If there is one federal agency that symbolizes the divide between political parties on how to govern, it is the Consumer Financial Protection Bureau (CFPB).
The CFPB has been the source of congressional fireworks, negative headlines and fierce court battles since its inception 10 years ago. Democrats use it as a tool to punish businesses, and Republicans loathe it as a rogue agency that is accountable to no one.
Created under Barack Obama in response to the 2008-09 financial crisis, the CFPB was the brainchild of Wall Street’s biggest foe, Sen. Elizabeth Warren, Massachusetts Democrat, back when she was a Harvard law professor. Mr. Obama’s CFPB director unilaterally imposed billions in as fines as he overreached in enforcing laws governing credit cards, student loans, mortgages and other financial products.
Today under President Biden, the Senate is a vote away from installing Ms. Warren’s protege, Rohit Chopra, as head of the CFPB in an effort to return the agency to its Obama-era roots as a heavy-handed, anti-business bureaucracy.
Mr. Chopra, a combative commissioner on the Federal Trade Commission who was once hired by Ms. Warren to work at the CFPB, promotes the weaponization of federal agencies resulting in more red tape, fewer jobs and an infringement on Americans’ civil liberties.
We need a CFPB director who respects the U.S. Constitution, but Mr. Chopra has a long history of bulldozing through legal protections that interfere with his partisan goals. The Senate should reject his nomination.
Mr. Chopra once called for the creation of an extra-constitutional “Public Integrity Protection Agency” that would subvert our constitutionally prescribed separation of powers. The head of this proposed agency would remain in power for up to 10 years and could police the executive branch, issue fines and impose onerous regulations.
At the FTC, Mr. Chopra has often acted beyond the scope of the law, pushing for broader rulings while making inflammatory statements such as claiming Republican senators were “shilling for predatory lenders.” The Senate Banking Committee recently deadlocked 12-12 on Mr. Chopra, sending the nomination to the full Senate for a final vote.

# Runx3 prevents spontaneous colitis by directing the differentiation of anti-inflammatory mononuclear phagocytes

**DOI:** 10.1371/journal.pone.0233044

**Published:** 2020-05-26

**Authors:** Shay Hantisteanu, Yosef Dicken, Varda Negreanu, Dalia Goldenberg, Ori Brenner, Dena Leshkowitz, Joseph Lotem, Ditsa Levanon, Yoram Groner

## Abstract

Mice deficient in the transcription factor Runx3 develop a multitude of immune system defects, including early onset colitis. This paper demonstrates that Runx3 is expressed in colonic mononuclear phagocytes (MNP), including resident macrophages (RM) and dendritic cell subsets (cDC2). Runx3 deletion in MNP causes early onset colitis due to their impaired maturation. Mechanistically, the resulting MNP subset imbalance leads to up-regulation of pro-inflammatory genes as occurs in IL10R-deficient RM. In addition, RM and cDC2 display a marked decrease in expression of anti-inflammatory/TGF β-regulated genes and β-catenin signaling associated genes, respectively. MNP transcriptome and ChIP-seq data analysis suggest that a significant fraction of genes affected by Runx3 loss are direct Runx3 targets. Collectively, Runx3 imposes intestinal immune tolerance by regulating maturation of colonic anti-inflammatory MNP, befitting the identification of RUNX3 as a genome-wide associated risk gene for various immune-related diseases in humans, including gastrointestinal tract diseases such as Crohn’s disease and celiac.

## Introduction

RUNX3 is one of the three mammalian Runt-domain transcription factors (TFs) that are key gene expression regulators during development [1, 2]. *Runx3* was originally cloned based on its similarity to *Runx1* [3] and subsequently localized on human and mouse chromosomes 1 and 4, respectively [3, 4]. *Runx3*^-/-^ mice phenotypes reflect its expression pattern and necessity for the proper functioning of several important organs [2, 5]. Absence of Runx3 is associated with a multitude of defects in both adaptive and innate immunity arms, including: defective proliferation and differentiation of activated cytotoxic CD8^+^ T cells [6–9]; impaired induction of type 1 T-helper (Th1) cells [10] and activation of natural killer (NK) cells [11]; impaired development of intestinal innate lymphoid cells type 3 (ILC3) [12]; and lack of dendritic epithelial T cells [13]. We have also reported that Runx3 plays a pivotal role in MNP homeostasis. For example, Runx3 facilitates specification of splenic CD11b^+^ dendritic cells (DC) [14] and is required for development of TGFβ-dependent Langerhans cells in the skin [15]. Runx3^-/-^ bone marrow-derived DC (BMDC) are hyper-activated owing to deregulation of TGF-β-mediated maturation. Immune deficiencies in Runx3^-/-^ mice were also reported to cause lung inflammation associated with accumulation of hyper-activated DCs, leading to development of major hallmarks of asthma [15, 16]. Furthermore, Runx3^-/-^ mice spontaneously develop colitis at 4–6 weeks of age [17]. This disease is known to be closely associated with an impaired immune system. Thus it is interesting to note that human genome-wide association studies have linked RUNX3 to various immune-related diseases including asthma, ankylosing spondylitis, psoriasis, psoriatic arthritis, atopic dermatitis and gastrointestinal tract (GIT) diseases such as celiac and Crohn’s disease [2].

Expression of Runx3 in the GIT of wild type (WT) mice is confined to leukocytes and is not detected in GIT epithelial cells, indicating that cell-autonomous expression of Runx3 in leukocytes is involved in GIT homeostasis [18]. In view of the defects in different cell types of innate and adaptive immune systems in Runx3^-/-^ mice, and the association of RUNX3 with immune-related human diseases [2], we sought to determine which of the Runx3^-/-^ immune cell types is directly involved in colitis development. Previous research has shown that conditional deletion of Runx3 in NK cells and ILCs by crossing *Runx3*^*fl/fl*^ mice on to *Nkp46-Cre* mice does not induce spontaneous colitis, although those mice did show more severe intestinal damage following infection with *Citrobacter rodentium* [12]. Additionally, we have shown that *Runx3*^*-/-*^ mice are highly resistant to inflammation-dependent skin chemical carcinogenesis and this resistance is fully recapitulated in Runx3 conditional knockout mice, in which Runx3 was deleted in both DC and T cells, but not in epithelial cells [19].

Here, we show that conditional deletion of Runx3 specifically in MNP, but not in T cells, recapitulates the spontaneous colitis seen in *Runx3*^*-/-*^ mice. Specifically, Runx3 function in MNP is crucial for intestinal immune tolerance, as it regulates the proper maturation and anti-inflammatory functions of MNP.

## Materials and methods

The banking panel’s top Republican, Sen. Pat Toomey, Pennsylvania Republican, said, “Based on Commissioner Chopra’s record, I’m deeply concerned that he’d return the CFPB to the hyper-active, law-breaking, unaccountable agency it was under Obama administration.”
Mr. Chopra’s style of governance would cripple industry with more layers of liberty-crushing rules and regulations that would ultimately curb consumers’ purchasing power. The emphasis would be on pursuing a partisan agenda long on vitriol and short on legal merit.
A prime example of Mr. Chopra’s overbearing approach is his animosity toward educational institutions he dislikes. He has long targeted for-profit colleges, and has pushed at the FTC to expand penalties against these schools.
America faces a massive skills shortage, and the government should encourage people to further their educations instead of attacking schools simply because they are for-profit. It is doubtful these schools would receive a fair hearing under a CFPB led by Mr. Chopra.
This history of aggressive enforcement actions should scare businesses and consumers. In just a few months, the Biden administration has shown a dangerous propensity to expand the power of government at the expense of the American people, and Mr. Chopra’s nomination fits this pattern. As always, we need leaders who prioritize good governance over politics. Unfortunately, Mr. Chopra’s track record indicates he will do the opposite and pursue his political goals above all else.
• Chris Carr is the attorney general of Georgia.